Building bike infrastructure creates more jobs, plus people want this stuff
Photo: Marco Mazzei“I think there’s a place for infrastructure, but what kind of infrastructure? Infrastructure to widen highways, to ease congestion for American families? Is it to build some buildings that are necessary? … But if we’re talking about beautification projects, or we’re talking about bike paths, Americans are not going to look very kindly on this.”
Those were the words of Rep. John Boehner (R-Ohio) back in 2009. Now, of course, Boehner is speaker of the House. He is just one of many Republicans who have derided spending on bike paths over the years. To people like him, infrastructure that allows people to ride bicycles more safely is as useless as “beautification.” (Which is, in fact, not useless at all.)
Yesterday, Ray LaHood, secretary of the U.S. Department of Transportation, wrote on his blog about a couple of studies that might interest Boehner — that is, if the speaker is concerned about both job creation and what the American people want.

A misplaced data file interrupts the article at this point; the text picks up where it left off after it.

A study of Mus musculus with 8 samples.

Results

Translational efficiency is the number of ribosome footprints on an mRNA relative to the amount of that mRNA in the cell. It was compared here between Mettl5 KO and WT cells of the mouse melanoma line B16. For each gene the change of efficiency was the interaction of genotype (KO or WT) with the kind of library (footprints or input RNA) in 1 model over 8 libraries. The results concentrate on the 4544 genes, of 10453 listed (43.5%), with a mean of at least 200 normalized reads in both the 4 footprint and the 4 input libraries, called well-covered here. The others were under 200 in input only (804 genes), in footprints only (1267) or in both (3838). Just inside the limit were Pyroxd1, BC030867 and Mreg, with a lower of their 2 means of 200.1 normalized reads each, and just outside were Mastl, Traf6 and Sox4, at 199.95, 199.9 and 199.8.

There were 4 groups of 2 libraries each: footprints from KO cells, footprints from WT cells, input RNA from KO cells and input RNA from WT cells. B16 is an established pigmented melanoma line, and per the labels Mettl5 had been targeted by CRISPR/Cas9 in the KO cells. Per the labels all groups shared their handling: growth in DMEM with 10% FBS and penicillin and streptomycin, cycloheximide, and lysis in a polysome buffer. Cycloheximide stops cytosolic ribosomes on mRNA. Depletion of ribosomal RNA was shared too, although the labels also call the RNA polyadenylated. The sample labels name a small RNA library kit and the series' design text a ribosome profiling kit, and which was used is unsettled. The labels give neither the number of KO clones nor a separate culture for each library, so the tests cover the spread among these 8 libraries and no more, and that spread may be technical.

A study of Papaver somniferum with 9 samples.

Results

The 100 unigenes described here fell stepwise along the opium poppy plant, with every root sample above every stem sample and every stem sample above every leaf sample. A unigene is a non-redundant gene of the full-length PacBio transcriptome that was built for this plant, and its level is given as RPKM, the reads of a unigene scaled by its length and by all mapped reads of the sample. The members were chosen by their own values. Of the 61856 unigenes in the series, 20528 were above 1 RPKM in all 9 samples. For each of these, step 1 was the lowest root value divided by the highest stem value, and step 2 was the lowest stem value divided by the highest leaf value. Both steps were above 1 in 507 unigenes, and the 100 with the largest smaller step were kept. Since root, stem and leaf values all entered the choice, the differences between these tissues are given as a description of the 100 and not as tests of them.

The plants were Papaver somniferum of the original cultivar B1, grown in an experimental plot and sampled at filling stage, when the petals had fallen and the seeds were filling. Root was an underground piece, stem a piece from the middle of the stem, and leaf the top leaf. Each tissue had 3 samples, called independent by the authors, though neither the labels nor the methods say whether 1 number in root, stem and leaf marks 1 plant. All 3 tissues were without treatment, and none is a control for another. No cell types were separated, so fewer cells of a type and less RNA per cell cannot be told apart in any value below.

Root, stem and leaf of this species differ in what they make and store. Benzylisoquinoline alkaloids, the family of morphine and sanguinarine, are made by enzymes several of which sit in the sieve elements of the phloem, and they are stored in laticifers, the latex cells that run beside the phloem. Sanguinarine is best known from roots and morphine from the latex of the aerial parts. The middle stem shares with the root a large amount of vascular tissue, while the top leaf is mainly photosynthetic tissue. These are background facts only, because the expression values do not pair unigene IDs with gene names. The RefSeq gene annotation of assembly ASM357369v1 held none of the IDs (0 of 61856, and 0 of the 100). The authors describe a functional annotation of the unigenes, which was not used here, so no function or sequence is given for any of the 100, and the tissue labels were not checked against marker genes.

The first is a Baltimore study showing that building on-street bike lanes does indeed create jobs — twice as many jobs as road upgrades or road resurfacing.
The second is from the Centers for Disease Control, and it shows that two-thirds of adults surveyed were willing to take civic action to improve street design in their communities and make them more conducive to physical activity (you’ll find a link to the PDF here). One good way to do that, of course, is to build bike infrastructure. Other design elements put forward by the survey included continuous sidewalks, improved lighting, and crosswalks.
Here’s what LaHood had to say about the implications:
Putting the two studies together creates a powerful argument for continuing the Department of Transportation’s support for bicycle and pedestrian infrastructure projects. Even as these investments increase mobility, they also generate economic growth. And, people are demanding them for their communities.
We’ll see if Boehner’s thinking on these matters has evolved when the 112th Congress gets down to the business of legislating.